Clear hard anodize finishing (mythical)

Once in awhile, I’ll run across a requirement to use a specification that isn’t physically possible.  Something I see from time to time is the request to apply the specification of a clear hard anodize finish to the drawing of an aluminum part.  This makes me chuckle (unless the requester is thoroughly convinced that this mythical beast really exists).

A hard anodize (Type III) finish is intended to provide wear and abrasion resistant surfaces with improved corrosion protection due to greater thickness and weight than common anodizing (Types I and II).  The goal when using hard anodizing is to have a wear index of 1.5mg/1000 cycles, according to MIL-A-8625F.

An anodize finish on an aluminum part is achieved by growing an aluminum oxide layer on its surface using direct current through an electrolytic solution, with the aluminum object serving as the anode.  The current releases hydrogen at the cathode and oxygen at the surface of the aluminum anode, creating a build-up of the aluminum oxide.   The voltage required by various solutions may range from 1 to 300 V DC, although most fall in the range of 15 to 21 V.

Common methods apply an aluminum oxide layer that is .00002 – .001″ thick.  A clear appearance remains as the thickness approaches .0006″ thick.  Thicker than that, the layer darkens to a bronze, gray, or black color (depending on the purity of the aluminum substrate).  At .0017″, the color is very pronounced.  Hard anodize specification calls for .0020″ (+/-20%) thickness.  This is far above the point where the anodizing process produces a colored finish.   Another factor is that of temperature during the process.  Hard anodizing requires the process to occur as a much lower temperature for the harder surface (higher process temperature = softer surface).  Additional coloration occurs due to the lower temperatures required by the hard anodize process.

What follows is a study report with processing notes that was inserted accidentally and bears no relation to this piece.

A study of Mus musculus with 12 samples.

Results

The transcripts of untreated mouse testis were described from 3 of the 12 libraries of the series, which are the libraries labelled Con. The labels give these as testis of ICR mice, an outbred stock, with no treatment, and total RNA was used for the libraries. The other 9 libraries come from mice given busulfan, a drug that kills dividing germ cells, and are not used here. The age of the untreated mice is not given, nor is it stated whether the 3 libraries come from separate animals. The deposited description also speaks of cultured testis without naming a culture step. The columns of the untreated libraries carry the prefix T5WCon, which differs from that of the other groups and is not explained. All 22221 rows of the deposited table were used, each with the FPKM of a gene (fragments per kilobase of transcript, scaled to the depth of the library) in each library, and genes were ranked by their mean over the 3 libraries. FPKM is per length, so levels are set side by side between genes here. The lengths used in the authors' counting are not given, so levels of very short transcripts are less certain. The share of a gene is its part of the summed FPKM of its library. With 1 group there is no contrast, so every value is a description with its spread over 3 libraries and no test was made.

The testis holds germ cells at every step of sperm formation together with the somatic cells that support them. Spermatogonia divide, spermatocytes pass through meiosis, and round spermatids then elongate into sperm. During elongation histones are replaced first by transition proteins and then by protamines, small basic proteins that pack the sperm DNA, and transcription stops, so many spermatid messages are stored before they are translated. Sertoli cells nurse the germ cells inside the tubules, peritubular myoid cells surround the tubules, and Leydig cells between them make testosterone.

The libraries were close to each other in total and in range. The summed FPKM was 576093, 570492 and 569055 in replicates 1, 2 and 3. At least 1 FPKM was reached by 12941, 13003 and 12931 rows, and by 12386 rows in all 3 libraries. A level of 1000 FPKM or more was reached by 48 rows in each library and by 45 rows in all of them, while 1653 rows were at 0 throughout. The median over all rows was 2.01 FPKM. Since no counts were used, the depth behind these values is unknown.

Although a balance may be struck between hardness and clearness, the specification of clear hard anodize is not an achievable specification in a strictly technical sense.  Any compromise to get close to this specification is going to have some color and reduction in hardness or durability.

Reference: MIL-A-8625F (.pdf)

Author: fcsuper

As a drafter, mechanical designer and CAD engineer, I've been in the mechanical design field since 1991. For the first 8 years of my career, I was an AutoCAD professional. I utilized AutoLISP and many other AutoCAD customization features to streamline drafting activities for 6+ drafters and designers. I authored several custom functions, one of which was published in the March 1997 issue of Cadalyst Magazine. Since 1998, I've been used SolidWorks non-stop. I've worked to utilize the SolidWorks' user environment to simplify drafting and design activities for 20+ engineers. I've created this website to provide current information about SolidWorks from a variety of contributors. More recently, I am now employed by Dassault Systemes as SOLIDWORKS Sr. Product Definition Manager to improve drawing, annotation and MBD related areas.